Jukebox the Ghost: Safe Travels

June 12, 2012  |  12:00pm
Jukebox the Ghost: <i>Safe Travels</i>

With Safe Travels, Jukebox the Ghost has learned to let go completely. The New York-by-way-of-Philly trio has made a modest name for itself out of catchy, clever, girl-on-the-mind pop, but omnipresent pressure and tight control of their craft has poked some holes in their first two angsty, insightful albums. So they changed addresses, shifted focus and voila!—a third record founded on liberty, melody and fraternity. While previous releases proved their potential, the addictive ambition of Safe Travels issues mainstream radio a call to action: We dare you not to play this.

The timing here is fantastic. Maybe even poptastic: Just in time for summer sun, Safe Travels is all wandering verses, passionate pleas and legitimately happy percussion. Unafraid of jaunty piano and unleashed from traditional guitar rock, the guys betray a truly unexpected, if expertly selected, series of influences: From Billy Joel territory (“At Last”), they treat listeners to Death Cab For Cutie (“Dead”), Keane (“Adulthood”) and Ben Folds (“Everybody Knows”) alongside a strange and falsetto-friendly blend of the Darkness and Weezer (“Somebody”). It’s like they made a statement of being young, and it’s clear they enjoyed doing so.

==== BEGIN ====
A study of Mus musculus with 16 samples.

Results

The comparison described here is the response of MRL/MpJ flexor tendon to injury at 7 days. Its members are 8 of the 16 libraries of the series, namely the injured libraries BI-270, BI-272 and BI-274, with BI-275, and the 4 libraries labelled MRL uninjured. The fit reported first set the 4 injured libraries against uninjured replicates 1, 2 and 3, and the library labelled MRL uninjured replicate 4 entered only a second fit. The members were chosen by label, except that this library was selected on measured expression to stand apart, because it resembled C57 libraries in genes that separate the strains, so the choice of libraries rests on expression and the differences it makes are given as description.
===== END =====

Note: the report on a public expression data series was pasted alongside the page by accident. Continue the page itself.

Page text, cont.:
Throughout the 13 songs (and as many aesthetics) of Safe Travels, the guys prove significantly smoother than their band name, if occasionally academic. Flexing no shortage of crafty songwriting, they make sad sound positively upbeat: “Oh, Emily, you’re a funny girl / I didn’t mean to break your heart.” These are lessons learned in maturity and embraced with flexibility, the point of “Oh, Emily” being sure, our break-up is ugly, but not as ugly as if we’d chugged on through it.

And to prove their elasticity, they also make sad sound absolutely devastating: “What if there’s always been a tiny hole inside my heart leaking very, very, very, very slowly? / And if you’re dead, how do you know you’re dead?” With its slow sweep of cymbals, “Dead” stretches and expands, channeling god and self across four minutes of atmosphere to become the album’s strongest salute to youth. Yeah, it hurts. It hurts a lot. But sometimes it hurts really nice.